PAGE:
Kids & Parents

I’ll Eat You Up!

I have read Where the Wild Things Are to my four-year-old son, Jackson, at least five hundred times.

 When we come to the end of the story, he always flips the pages back to the beginning and says -- thoroughly disappointed,

“Max said he was going to eat his mama up, but he never did!” 

It is true, Max does not eat his mother up.

But, luckily for Jackson (and others like him), there are plenty of picture books where main characters get munched. Below are a few:

PS. For parents and other grown-ups in search of a truly terrifying and gruesome book, try Bird Box by Josh Malerman. It's especially frightening when read on a dark windy night after all your children have gone to bed.




by Emily Gravett

A personal favorite, this clever (and wonderfully illustrated) book tells the story of a rabbit who borrows a book from the library and a big bad wolf. There is an alternative ending for more sensitive readers, but I recommend sticking with the original.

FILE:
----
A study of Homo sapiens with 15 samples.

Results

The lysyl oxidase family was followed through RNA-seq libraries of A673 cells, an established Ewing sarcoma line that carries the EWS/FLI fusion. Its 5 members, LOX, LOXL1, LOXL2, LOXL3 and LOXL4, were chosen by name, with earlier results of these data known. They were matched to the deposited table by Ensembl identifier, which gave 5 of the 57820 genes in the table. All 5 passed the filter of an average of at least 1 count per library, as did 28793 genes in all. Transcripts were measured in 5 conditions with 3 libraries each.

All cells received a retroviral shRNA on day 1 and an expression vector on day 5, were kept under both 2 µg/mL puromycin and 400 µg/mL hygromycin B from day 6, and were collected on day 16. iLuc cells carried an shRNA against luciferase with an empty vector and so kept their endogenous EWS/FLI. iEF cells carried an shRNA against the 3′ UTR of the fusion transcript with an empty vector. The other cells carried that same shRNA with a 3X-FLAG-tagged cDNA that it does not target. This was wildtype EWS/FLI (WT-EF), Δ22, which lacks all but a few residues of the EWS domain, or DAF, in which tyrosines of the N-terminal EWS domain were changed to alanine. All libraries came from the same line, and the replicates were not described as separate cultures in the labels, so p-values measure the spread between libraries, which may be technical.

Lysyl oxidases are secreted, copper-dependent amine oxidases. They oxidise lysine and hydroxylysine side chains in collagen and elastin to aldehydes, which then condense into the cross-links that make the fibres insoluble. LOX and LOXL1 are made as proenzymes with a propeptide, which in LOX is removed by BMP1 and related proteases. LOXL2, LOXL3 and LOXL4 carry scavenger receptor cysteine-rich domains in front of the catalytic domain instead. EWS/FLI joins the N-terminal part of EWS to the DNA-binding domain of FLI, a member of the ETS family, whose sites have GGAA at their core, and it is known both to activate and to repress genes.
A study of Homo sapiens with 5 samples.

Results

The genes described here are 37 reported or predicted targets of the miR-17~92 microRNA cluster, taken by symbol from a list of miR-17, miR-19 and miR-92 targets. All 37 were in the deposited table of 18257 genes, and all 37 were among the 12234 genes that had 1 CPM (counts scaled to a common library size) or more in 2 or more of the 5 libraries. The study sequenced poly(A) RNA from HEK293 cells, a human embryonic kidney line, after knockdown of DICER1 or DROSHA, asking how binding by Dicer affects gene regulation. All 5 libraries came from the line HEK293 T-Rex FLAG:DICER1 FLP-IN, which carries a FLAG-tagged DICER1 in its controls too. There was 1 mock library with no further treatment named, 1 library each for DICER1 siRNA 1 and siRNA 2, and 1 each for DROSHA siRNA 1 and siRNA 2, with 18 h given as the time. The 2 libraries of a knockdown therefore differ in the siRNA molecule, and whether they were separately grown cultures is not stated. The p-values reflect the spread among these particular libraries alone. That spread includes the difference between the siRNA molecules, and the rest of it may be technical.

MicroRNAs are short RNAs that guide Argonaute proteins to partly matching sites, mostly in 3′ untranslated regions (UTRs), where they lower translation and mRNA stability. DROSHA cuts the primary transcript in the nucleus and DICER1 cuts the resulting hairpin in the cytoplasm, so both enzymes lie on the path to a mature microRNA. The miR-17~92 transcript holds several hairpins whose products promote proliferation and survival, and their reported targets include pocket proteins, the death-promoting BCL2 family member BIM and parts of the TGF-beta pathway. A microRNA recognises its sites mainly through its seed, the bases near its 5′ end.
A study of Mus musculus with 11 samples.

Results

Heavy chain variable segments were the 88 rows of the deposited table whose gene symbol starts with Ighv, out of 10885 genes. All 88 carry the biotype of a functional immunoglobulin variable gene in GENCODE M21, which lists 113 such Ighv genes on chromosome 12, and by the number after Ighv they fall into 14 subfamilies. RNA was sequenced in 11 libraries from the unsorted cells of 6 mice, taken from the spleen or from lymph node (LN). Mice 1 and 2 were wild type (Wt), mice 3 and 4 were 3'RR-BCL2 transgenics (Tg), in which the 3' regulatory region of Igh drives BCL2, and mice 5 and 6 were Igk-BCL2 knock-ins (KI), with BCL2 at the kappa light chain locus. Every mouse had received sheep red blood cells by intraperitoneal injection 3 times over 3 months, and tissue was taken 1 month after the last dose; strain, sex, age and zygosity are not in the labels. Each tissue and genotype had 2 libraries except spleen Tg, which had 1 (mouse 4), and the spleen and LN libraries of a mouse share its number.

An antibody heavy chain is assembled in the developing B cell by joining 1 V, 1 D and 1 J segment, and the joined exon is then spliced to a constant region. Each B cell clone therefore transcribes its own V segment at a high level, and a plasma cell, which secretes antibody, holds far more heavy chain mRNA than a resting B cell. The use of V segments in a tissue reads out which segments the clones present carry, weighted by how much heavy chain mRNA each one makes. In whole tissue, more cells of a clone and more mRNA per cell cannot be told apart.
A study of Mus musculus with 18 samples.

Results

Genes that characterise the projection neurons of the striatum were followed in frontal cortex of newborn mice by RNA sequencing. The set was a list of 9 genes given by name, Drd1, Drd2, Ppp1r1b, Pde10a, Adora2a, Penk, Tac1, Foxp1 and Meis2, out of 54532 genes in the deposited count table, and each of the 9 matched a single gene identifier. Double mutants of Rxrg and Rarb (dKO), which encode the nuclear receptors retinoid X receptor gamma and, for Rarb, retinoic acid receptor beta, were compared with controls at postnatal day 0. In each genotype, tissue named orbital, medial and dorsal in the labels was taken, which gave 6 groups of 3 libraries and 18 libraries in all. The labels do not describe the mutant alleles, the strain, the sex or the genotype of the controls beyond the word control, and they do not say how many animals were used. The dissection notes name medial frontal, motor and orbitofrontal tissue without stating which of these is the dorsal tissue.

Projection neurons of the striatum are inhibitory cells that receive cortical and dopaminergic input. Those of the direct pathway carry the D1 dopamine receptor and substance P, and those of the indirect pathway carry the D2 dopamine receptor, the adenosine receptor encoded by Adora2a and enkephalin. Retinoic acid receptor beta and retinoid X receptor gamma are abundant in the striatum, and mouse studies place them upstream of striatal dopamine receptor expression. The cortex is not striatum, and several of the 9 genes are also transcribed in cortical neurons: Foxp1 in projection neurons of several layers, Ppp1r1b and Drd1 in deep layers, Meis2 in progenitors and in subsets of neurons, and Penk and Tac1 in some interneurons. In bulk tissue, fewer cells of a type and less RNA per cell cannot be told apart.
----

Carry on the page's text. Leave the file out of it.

I Am the Wolf

I Am the Wolf ... and Here I Come!

by Bénédicte Guettier  

This silly board book about a wolf getting dressed (in everything from heart covered boxer briefs to a black coat) is a toddler crowd-pleaser (and the ending always induces squealing and screaming at our house).

Bear Despair

Bear Despair

by Gaëtan Dorémus

A simple story of determination (and a HUGE stomach), this wordless picture books makes one thing clear: Never take a bear’s stuffed teddy. Not ever. For those who like a truly twisted ending, skip the last few pages.



by Aaron Reynolds

If you’re looking for a fantastical way to introduce children to the meaning of “vegetarianism” and “carnivorism” this book is for you. An especially good choice for slightly older kiddos who are tired of happy, harmless endings and want a picture book that doesn't sugarcoat. 

I Want My Hat Back

I Want My Hat Back

By Jon Klassen

A family favorite, this book is destined to become a classic. Little kiddos (and their grown-ups) will delight in the simple illustrations, repetitive storyline, and delicious ending. 

Good Little Wolf

The Good Little Wolf

by Nadia Shireen

Good wolves and little old ladies beware! Try as you might, sometimes you just can’t take the “big and bad” out of a wolf. Reviewers on Amazon have called the ending “awful" -- and it truly is (but in a humerous way). My boys absolutely love this book (Jackson and his 11-year-old brother).